Tell us here.
The graduate students are on a short break right now. Classes ended last week and will begin again right after Labor Day. When I informally polled the group about what they are doing during their time off, I learned that they have been relaxing, making trips into Sheboygan to look for winter clothes (yes, it will be winter again one day), watching soccer on television, listening to music, and also reading the education literature on literacy to look for “gaps in the knowledge” that might lead to fruitful thesis topics. Even when on break, these graduate students are never far from their studies, are they? In fact, in an eighteen-month graduate program, there really are few breaks. One of the teachers, a self-described “strong and determined woman,” is a 2008 graduate of Lakeland. She spoke with me about out how happy she is to be back.
Meet Ndamyo Mwanyongo ‘08
Ndamyo Mwanyongo graduated with her bachelor’s degree from Lakeland in 2008, but her connection to the school goes back earlier than that. Her husband, Andy Blessings Mwanyongo ’02 was in the first cohort of five students who came to Lakeland from Malawi in 1999 to earn bachelor's degrees. She fondly remembers visiting the campus when he was a student here, to hear him sing in the choir. “Lakeland is like family to me,” she said.
Several years later, Andy encouraged Ndamyo to apply to Lakeland herself. She still feels deep appreciation for the support her husband gave her. He took care of their home and family during her three-year absence. Their two sons were 16 and 11 when she first left. She said the youngest one, especially, missed his mom.
Now she is back for a second degree and couldn’t be happier to be here. Ndamyo said her youngest son, now 19, assured her, “It’s only one year this time. We’ll manage.”
Ndamyo told me she is pleased to know that her example of being selected to leave Malawi twice to study has inspired many of the younger teachers back home. “It’s an opportunity that I don’t take for granted. I feel like I can make a difference. I think the student teachers respect me and look up to me.”
I have no doubt that Ndamyo is right about this.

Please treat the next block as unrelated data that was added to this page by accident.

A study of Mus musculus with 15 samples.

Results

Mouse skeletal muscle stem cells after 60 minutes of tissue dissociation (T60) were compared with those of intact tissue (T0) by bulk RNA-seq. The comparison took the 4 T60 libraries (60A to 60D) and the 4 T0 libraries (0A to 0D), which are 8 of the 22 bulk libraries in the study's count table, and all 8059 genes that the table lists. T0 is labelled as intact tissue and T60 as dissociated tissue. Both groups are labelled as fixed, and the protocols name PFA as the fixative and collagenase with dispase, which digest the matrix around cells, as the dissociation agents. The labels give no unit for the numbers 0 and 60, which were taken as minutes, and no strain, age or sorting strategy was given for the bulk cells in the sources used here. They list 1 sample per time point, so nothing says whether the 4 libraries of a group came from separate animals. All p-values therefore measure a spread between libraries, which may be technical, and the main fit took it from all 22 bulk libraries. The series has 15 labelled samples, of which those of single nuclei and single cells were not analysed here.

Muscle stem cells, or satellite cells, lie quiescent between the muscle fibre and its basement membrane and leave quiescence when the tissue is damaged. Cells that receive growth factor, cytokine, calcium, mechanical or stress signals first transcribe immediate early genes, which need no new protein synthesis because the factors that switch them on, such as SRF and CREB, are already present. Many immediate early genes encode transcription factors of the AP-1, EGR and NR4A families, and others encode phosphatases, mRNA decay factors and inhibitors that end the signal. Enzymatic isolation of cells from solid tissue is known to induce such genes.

Ndaymo teaches at the Teacher Training College in Kasunga, a town 60 miles north of the capital city of Lilongwe. She would like to see reading taught in a broad manner. “I do not want to see it narrowed,” she said. “I teach very widely, using all the expressive arts.” Ndamyo, like her husband Andy, is very interested in music. “We play music as a family a lot.” She has used music, drama, and drawing as a tool in teaching not only young learners, but student-teachers, too.
“In Malawi, we must start with better training for teachers. We need to incorporate other subject areas. And, we need a means for engaging parents. In Malawi, parents are not so involved with children’s education. We need to help them see their role.”
Ndamyo knows first-hand the value of parents’ involvement in a child’s education. She was the fifth of nine children. Her dad was a secondary school teacher and her mom was a primary school teacher. There were books at home and she watched her parents read and her siblings study. She had models for reading at an early age and in-home tutors to help her when she needed help. In sixth grade, she went off to a boarding school that encouraged library use and then, in secondary school, her teacher was a Peace Corps volunteer who strengthened Ndamyo’s developing English with phonetic reading skills.
On a different note, I asked Ndamyo about the interesting middle names that people have in Malawi. Remember, last week, we learned that Elias gave himself the middle name, Ambitious. The parents of her husband, Andy, gave him the middle name Blessings. Ndamyo has a middle name, Kettie, which is the name of her mother’s sister. I asked her the meaning of Ndamyo. Her name means “troubles, challenges.” She said her mom had some troubles when she was pregnant with Ndamyo, hence the given name.
The way I see it, Ndamyo may have been born in challenge, but being strong and determined, as well as open-minded, she has been the recipient of many blessings. She is here now to put all that to good use for the children of Malawi.
Ndamyo (left) with students at the Viyere Primary School in Mzuzu, Malawi, where she did her student teaching after graduating from Lakeland in 2008.
This post is written by Lisa Vihos, the Director of Sponsored Programs and Research at Lakeland College. The program is made possible by the generous support of the American people through the United States Agency for International Development (USAID). The contents of this blog are the responsibility of Lakeland College and do not necessarily reflect the views of USAID or the United States Government.